I first heard the word “gay” spill from my brothers lips when I was six. “You’re gay,” he said, words sharp like poison. I didn’t know what it meant, I just knw it was bad. Standing there underneath dim Tuscan light, my toes curled up into scratchy carpet. I was taught to hate “gay” before even knowing what it was.
Third grade I remember standing in the lunch line waiting for cheap spaghetti and old milk. I would look at the other girls in line and think about how pretty they were. And then I’d tell myself to stop being gay. Stop it, stop it, stop it. I pushed those feelings to the bottom of my existence and eventually they were so distant I found myself floating in identities that weren’t mine. I wrote stories about girls I wanted to be, straight white girls with lots of problems and cute, emotionally available boyfriends. I lived through these characters, prayed for white hair, white boys, for normality. I spent four years ignoring myself, four years just being and not living. Gushing to my friends about feelings I’d never felt, and imagining things I didn’t even want to happen.
Summer before seventh grade, I realized as a result of the continuous repression of my identity, I had no idea who I was. When I looked at myself all I could see was a big question mark, shivering in fear. I spent the summer browsing website after website, taking quiz after quiz, to find some explanation for the feelings I felt. I hated myself. Every time I saw a pretty girl at my sisters high school, I hated myself. Every time my heart jumped when my best friend looked at me, I hated myself. I hated myself and hated myself and hated myself until somehow I just didn’t anymore. Somehow I started telling my friends about my girl crushes, and somehow it was okay. Somehow I found I did still like boys a little bit and that that was okay too. The shock and confusion of it all had evaporated and I had found myself again.
After deciding to come out at school, there was a shift in my social placement. White gay kids started smiling at me, and my black friends just made me uncomfortable. They asked so many questions, curiosity causing slurs like “dyke” and “faggot” to tumble out of their mouths and warm my face. Every day there was a new question, a question I didn’t even know the answer to. I turned to the gay kids for help, but they made me uncomfortable too. Their holocaust jokes and complete revulsion towards rap music, their support of gay influencers who were often racist.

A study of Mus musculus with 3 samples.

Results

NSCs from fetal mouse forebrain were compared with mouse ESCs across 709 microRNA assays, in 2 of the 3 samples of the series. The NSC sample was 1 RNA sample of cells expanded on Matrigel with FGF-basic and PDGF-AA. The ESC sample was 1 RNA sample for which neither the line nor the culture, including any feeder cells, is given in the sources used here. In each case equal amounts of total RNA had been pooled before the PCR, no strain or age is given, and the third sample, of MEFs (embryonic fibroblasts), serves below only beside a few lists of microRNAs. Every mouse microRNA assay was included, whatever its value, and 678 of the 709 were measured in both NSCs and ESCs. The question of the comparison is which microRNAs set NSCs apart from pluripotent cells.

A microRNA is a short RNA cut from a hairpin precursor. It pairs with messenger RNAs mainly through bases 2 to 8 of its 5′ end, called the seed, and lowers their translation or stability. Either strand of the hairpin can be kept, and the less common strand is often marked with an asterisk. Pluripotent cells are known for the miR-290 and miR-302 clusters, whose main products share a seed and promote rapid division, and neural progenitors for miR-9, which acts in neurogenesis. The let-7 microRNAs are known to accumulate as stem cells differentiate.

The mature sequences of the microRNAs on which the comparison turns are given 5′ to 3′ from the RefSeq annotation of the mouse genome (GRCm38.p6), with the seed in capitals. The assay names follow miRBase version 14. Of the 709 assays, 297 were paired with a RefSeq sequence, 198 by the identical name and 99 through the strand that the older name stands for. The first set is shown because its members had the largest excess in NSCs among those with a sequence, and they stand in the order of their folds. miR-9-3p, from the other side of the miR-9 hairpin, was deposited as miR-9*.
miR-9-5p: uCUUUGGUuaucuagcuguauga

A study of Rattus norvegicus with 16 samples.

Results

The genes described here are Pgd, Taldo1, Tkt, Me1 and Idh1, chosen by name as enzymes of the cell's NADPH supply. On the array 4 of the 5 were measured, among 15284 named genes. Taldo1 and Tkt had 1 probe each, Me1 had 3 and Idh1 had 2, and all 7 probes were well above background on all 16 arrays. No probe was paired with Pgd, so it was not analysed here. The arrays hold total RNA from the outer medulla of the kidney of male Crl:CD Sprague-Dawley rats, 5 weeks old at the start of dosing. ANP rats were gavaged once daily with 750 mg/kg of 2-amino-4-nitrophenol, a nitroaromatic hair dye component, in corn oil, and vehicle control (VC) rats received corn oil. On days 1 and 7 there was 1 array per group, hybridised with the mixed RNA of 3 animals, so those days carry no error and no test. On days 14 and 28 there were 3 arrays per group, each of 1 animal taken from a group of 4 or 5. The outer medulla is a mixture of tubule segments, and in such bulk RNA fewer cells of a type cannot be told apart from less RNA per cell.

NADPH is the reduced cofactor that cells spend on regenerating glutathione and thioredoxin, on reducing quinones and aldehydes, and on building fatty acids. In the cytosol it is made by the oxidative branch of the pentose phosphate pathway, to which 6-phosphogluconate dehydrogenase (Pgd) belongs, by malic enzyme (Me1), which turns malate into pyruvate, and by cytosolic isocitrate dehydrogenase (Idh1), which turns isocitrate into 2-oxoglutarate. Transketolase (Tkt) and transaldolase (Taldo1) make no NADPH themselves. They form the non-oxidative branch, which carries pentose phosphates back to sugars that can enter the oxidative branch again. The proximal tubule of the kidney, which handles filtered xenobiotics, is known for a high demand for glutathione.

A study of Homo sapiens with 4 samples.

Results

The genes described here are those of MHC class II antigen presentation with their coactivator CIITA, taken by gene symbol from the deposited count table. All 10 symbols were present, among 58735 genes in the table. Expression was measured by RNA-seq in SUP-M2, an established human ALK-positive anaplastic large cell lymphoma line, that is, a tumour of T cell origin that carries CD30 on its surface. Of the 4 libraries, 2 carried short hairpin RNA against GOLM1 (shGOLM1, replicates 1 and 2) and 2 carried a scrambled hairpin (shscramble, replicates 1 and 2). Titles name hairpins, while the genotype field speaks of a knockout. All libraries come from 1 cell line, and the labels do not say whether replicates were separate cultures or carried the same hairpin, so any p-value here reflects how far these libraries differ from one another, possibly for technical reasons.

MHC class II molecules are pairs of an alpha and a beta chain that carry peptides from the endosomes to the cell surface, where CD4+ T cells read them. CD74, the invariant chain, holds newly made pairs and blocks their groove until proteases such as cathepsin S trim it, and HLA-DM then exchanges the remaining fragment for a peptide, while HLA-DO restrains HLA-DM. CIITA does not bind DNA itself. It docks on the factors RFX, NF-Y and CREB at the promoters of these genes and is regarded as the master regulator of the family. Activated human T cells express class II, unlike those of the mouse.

I decided neither group would be right for me, and just hung out by myself. Nobody completely respected my identity. I couldn’t talk to anybody about what I was going through, because everyone was an offender. That’s when I learned how hard being a black member of the LGBT+ community can be. There’s no magic place you can exist without being offended or harassed. The gay people I turned to were racially insensitive, and my black friends were insensitive towards my sexuality. And now that I was being myself, I was losing respect for it.
Being black and queer is a continuous struggle. I spent my entire childhood fighting against myself, burying myself underneath layers of artificial straightness, artificial whiteness, and praying to be anyone other than myself. And now that I have accepted myself, I have to navigate other people’s rejections. Few spaces exist where I feel I belong, and it is an exhaustive way to live. That being said, I still love being black and queer and I am very proud to have made it this far.